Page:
A musician from the Tuvan delegation and a member of Los Masis from Bolivia pose in the One World, Many Voices program area. Photo by Beatrice Ugolini, Ralph Rinzler Folklife Archives and Collections, Smithsonian Institution

A musician from the Tuvan delegation and a member of Los Masis from Bolivia pose in the One World, Many Voices program area. Photo by Beatrice Ugolini, Ralph Rinzler Folklife Archives and Collections, Smithsonian Institution

After ten days of extraordinary performances, workshops, and demonstrations, the 2013 Smithsonian Folklife Festival is officially over. We are honored and inspired by the generosity of the participants as well as the support and enthusiasm of visitors. We look forward to continuing the conversations and relationships that we have begun through the planning for and presentation of our 47th Festival.

Even after we pack up and clear off of the National Mall, we will be sharing more images, audio streams, and videos from the Festival. We look forward to seeing more of your images and stories in our Flickr group, on Facebook, and on Tumblr.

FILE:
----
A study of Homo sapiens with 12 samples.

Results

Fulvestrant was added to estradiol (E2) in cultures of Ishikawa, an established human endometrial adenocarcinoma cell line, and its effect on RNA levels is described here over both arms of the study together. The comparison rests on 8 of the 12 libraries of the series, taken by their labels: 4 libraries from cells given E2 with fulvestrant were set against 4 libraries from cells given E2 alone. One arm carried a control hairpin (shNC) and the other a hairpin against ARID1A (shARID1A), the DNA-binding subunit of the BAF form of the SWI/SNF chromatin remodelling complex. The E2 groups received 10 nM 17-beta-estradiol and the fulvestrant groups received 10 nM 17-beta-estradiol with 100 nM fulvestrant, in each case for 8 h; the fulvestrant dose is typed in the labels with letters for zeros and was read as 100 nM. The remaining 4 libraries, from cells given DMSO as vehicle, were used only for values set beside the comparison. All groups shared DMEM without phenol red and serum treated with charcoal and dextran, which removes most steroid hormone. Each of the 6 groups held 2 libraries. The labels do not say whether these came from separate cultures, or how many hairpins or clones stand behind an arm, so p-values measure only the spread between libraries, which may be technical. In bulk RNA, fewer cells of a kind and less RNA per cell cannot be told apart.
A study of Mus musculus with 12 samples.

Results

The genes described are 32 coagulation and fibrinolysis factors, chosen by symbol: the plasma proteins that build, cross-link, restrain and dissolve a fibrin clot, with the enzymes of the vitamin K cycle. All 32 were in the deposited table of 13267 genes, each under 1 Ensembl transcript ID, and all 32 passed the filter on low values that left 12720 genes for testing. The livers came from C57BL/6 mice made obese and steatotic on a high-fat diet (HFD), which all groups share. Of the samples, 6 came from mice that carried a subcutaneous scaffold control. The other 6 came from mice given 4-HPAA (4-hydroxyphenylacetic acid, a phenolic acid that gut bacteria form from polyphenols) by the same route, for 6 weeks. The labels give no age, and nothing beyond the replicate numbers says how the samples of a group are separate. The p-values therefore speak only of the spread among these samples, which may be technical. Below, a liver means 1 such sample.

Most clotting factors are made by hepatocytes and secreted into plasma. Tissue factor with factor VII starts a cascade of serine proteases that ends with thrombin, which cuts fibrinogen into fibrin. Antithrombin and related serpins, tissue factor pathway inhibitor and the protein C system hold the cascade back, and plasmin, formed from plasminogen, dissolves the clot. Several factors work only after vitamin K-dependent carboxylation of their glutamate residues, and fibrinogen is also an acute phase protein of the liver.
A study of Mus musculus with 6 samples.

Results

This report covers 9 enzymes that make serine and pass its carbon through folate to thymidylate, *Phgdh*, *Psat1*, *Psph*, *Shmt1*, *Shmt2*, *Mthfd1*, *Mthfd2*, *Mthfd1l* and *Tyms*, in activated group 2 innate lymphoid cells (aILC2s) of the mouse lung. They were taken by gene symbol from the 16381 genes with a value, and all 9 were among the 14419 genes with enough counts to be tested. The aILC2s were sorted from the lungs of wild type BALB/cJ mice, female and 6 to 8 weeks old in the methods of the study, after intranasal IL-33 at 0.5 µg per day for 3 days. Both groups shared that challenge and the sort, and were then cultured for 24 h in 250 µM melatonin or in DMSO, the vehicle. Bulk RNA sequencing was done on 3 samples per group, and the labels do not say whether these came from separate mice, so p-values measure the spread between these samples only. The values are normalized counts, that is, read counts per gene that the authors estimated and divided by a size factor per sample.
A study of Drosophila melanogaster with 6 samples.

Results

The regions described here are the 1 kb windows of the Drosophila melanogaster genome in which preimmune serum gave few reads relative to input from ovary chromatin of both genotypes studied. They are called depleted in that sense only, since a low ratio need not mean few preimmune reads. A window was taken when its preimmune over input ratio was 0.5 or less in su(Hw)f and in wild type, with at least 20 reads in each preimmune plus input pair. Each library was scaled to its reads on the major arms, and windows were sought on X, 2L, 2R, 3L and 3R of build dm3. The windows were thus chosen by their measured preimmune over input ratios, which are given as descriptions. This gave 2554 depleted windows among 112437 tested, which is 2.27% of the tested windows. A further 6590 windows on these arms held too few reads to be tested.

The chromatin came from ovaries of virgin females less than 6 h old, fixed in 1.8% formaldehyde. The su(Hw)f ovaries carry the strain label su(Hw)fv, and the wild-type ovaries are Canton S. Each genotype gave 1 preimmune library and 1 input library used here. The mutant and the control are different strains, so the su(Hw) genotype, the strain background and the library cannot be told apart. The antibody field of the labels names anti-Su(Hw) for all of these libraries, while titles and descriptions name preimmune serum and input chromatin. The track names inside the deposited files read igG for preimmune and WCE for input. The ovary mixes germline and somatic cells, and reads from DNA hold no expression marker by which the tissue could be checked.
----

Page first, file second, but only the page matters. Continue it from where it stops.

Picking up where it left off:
Scroll down to see image gallery.

 

Comments
  • rtc

    47 years and counting! Congratulations!

  • Naomi Furrier Bourodimos

    Now that the Hungarian Folklife Festival is over what happens to the exhibits? Will they be displayed elsehwere in the U.S.?

    • http://www.festival.si.edu Emily Bulger

      The Puli dog sculpture has a temporary home at the Hungarian Embassy, while the majority of the Hungarian Heritage buildings, including the Peacock Tower and the Dance Barn, will be transported to a Hungarian Scout Camp in Allegany County, New York.

  • Petr

    It’s great to learn that the Puli Kutya is at a “temporary home” at the Hungarian Embassy. Presumably it’s displayed somewhere outdoors, but the last time I drove by there to take a few pictures I couldn’t find it. Where exactly is this wonderful piece of art by Gabor Miklos Szoke? Thanks. pjk.